Metal Tech News 

X-BATT reveals new coal anode material

Develops first 18650 battery using coal to replace graphite Metal Tech News - February 8, 2023


Last updated 2/7/2023 at 12:02pm

X-BATT battery pouches made from upcycling old graphite anode material.


Using its graphite technology, X-BATT can "rejuvenate" spent recycled graphite to higher energy performance than pristine, never-been-used graphite.

With the need for electric vehicle batteries continuing to grow, a solution to the demand for battery materials may come from an unexpected source – coal. Now, for the first time ever, X-BATT has built an 18650 battery using coal.

After spending the better part of two decades supplying precision plastic-engineered components to a broad range of industries, Semplastics expanded with its X-MAT research, focusing on the recycling, reuse, and rediscovery of the vast stockpiles of coal waste accumulated from old-world energy consumption.

Growing into its own with successful coal composite products, Semplastics further expanded into the recycling and upcycling of lithium-ion batteries with X-BATT, using a process that reinvigorates spent graphite in battery anodes.

Now, X-BATT is one step closer to solving the problem of lacking battery materials with a green solution.

"Everyone is wondering where we are going to get more material for lithium-ion batteries," said X-BATT CEO Bill Easter. "Instead, we should be looking for a solution to replace materials currently being used and coal should be a part of that discussion."

Combining coal with its proprietary, low-cost, resin-based technology to create industrial-sized rechargeable lithium-ion batteries or an 18650 battery – a type of battery used in popular EVs – this latest breakthrough is a 500% scale up from where it began with its lab-scale coin cell batteries.

Now that the EV boom is in full swing, with sales of EVs increasing from 6.6 million in 2021 to nearly 11 million sold in 2022, the demand for EV battery materials is on the rise. Projections show EV sales will continue to rise to 20 million per year in 2025 and then top 46 million in 2030.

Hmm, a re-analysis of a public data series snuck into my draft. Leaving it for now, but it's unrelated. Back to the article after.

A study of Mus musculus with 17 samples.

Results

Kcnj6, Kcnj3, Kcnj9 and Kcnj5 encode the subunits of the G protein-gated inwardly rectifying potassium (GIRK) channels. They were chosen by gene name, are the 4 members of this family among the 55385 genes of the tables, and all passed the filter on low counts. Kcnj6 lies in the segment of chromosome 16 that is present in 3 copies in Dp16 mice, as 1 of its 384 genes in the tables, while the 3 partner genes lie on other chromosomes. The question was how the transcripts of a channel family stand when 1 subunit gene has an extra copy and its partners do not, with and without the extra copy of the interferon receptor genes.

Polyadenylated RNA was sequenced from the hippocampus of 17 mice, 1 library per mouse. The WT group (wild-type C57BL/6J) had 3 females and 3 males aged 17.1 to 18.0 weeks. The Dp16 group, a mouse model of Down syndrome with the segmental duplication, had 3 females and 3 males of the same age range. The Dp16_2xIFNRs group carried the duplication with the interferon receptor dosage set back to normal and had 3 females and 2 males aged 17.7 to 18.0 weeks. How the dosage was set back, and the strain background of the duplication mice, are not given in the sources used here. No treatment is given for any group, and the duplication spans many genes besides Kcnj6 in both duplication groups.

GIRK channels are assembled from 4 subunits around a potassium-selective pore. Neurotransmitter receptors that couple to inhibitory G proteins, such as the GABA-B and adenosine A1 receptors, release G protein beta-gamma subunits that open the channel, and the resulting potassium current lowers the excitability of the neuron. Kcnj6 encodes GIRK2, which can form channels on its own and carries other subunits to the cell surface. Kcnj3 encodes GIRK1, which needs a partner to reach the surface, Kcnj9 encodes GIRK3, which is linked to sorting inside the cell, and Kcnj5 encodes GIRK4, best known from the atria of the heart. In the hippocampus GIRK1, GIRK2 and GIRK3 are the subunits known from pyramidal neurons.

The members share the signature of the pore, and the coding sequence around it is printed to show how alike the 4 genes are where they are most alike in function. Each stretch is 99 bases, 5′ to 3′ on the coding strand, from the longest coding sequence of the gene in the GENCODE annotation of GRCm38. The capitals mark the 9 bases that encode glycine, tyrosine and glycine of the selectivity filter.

With X-MAT's coal technology and X-BATT's refining technology, the company has created a new anode material that could supplement and even replace one of the major components of present batteries, graphite.

Graphite, a critical mineral, is in nearly every lithium-ion battery today, and not only is it in short supply, but the raw materials and processing are controlled by China. To meet demand, it is projected that 97 new natural graphite mines and 56 new synthetic graphite plants will need to be opened by 2035; representing a 550% and 145% increase, respectively.

With graphite making up about 28% of the typical EV battery or about 114 pounds per car, the total amount of this carbon material needed would reach many millions of tons by 2035, and the energy, time and resources required to mine or produce graphite at this scale is daunting.

Over the course of a three-year project, the X-BATT team has developed and tested its coal material in small, research-level coin cell batteries and has most recently scaled up production into industrial format 18650 batteries.

This scale-up and third-party testing has been completed in partnership with the Battery Innovation Center in Newbury, Indianapolis, and shows that the material is able to be scaled up in large quantities and processed using standard, already available manufacturing equipment and processes.

Based on the results of X-BATT's research and development funded by the Department of Energy's National Energy Technology Laboratory, the company believes that coal can play a major role in mitigating this shortfall and is already being produced in the volumes that would be required.

"The demand for lithium-ion batteries is continuing to increase," said Easter. "Our coal-based material can meet this demand in an eco-friendlier way and would lead to a domestic source for anode material, helping the U.S. reduce reliance on foreign countries for the critical materials needed to support the growing demand for electrification."